Probation and parole are promoted as alternatives to incarceration that help people get back on their feet, but instead feed bloated jail and prison populations in the United States, Human Rights Watch and the American Civil Liberties Union (ACLU) said in a joint report released Friday.
The 225-page report, “Revoked: How Probation and Parole Feed Mass Incarceration in the United States,” finds that supervision – probation and parole – drives high numbers of people, disproportionately those who are Black and brown, right back to jail or prison, while in large part failing to help them get needed services and resources.
In states examined in the report, people are often incarcerated for violating the rules of their supervision or for low-level crimes, and receive disproportionate punishment following proceedings that fail to adequately protect their fair trial rights.
More specifically, rather than diverting people from incarceration, probation and parole are feeding jail and prison populations. Council of State Governments data shows that, in 2017, 45 percent of all state prison admissions resulted from probation or parole violations.
“Probation and parole are seen as acts of leniency, but in the states we examined, they often lead to incarceration just for using drugs, failing to report a new address, or public order offenses like disorderly conduct,” said Allison Frankel, Aryeh Neier fellow at Human Rights Watch and the ACLU, and the report’s author. “Incarcerating people for failing to meet the overly burdensome requirements of supervision upends peoples’ lives without meaningfully addressing their underlying needs.”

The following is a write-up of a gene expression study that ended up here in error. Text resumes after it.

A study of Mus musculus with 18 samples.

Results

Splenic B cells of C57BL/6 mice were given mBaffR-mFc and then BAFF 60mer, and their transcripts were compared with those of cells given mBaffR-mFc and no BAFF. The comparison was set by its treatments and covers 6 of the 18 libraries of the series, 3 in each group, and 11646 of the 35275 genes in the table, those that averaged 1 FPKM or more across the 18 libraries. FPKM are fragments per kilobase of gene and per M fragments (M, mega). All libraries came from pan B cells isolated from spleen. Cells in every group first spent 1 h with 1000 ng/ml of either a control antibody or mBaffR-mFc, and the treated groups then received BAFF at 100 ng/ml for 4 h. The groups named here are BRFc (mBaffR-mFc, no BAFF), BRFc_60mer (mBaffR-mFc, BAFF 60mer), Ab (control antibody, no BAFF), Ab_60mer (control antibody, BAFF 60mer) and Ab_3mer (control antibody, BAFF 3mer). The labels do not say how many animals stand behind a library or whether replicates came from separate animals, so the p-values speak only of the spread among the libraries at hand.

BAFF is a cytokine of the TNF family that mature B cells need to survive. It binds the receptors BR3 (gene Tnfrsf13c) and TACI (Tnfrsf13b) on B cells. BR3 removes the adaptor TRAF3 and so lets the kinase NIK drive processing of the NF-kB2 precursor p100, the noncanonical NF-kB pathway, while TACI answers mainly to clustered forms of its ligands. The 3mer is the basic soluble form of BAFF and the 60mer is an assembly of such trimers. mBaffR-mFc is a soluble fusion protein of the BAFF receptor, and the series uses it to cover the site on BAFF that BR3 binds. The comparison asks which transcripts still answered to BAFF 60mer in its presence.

Human Rights Watch and the ACLU interviewed 164 people, including 47 who had been incarcerated for probation or parole violations in 3 states where this problem is particularly acute: Pennsylvania, Wisconsin, and Georgia. Researchers also interviewed family members of those incarcerated, government officials, lawyers, advocates, and experts, and analyzed data provided by or obtained from these states and the US Bureau of Justice Statistics.
Researchers spoke with Willie White, a Black Georgia resident, who – after waiting for six months in jail to contest charges of possessing marijuana with intent to distribute – pleaded guilty to get home to his children and was sentenced to 10 years on probation. Instead, he soon wound up back in jail, once for failure to pay and another time for using and possessing drugs. “[Probation] took all my money, kept me incarcerated for simple little mistakes. It’s really been a lot of pain,” he said.
Researchers also spoke with a Black Pennsylvania woman who cycled through probation and jail, mostly for shoplifting and drug offenses, which she says stemmed from a substance use disorder. “I asked for programs,” she said, “but [probation] didn’t want to hear that I need help; they just gave me time.”
Over the last 50 years, the use of probation and parole in the US has skyrocketed, alongside jail and prison populations. As of 2016, 4.5 million people, or 1 in every 55, were under supervision, often for years. They are required to follow numerous wide-ranging, vague, and oppressive conditions, like paying fines and fees many cannot afford; attending frequent meetings, often far away and during work hours; reporting every address change, even when they lack housing stability; and staying away from “disreputable” people.
Structural racism means that Black and brown people are less likely to have the resources necessary to navigate supervision conditions, and more likely to be arrested and found to be in violation of their supervision terms.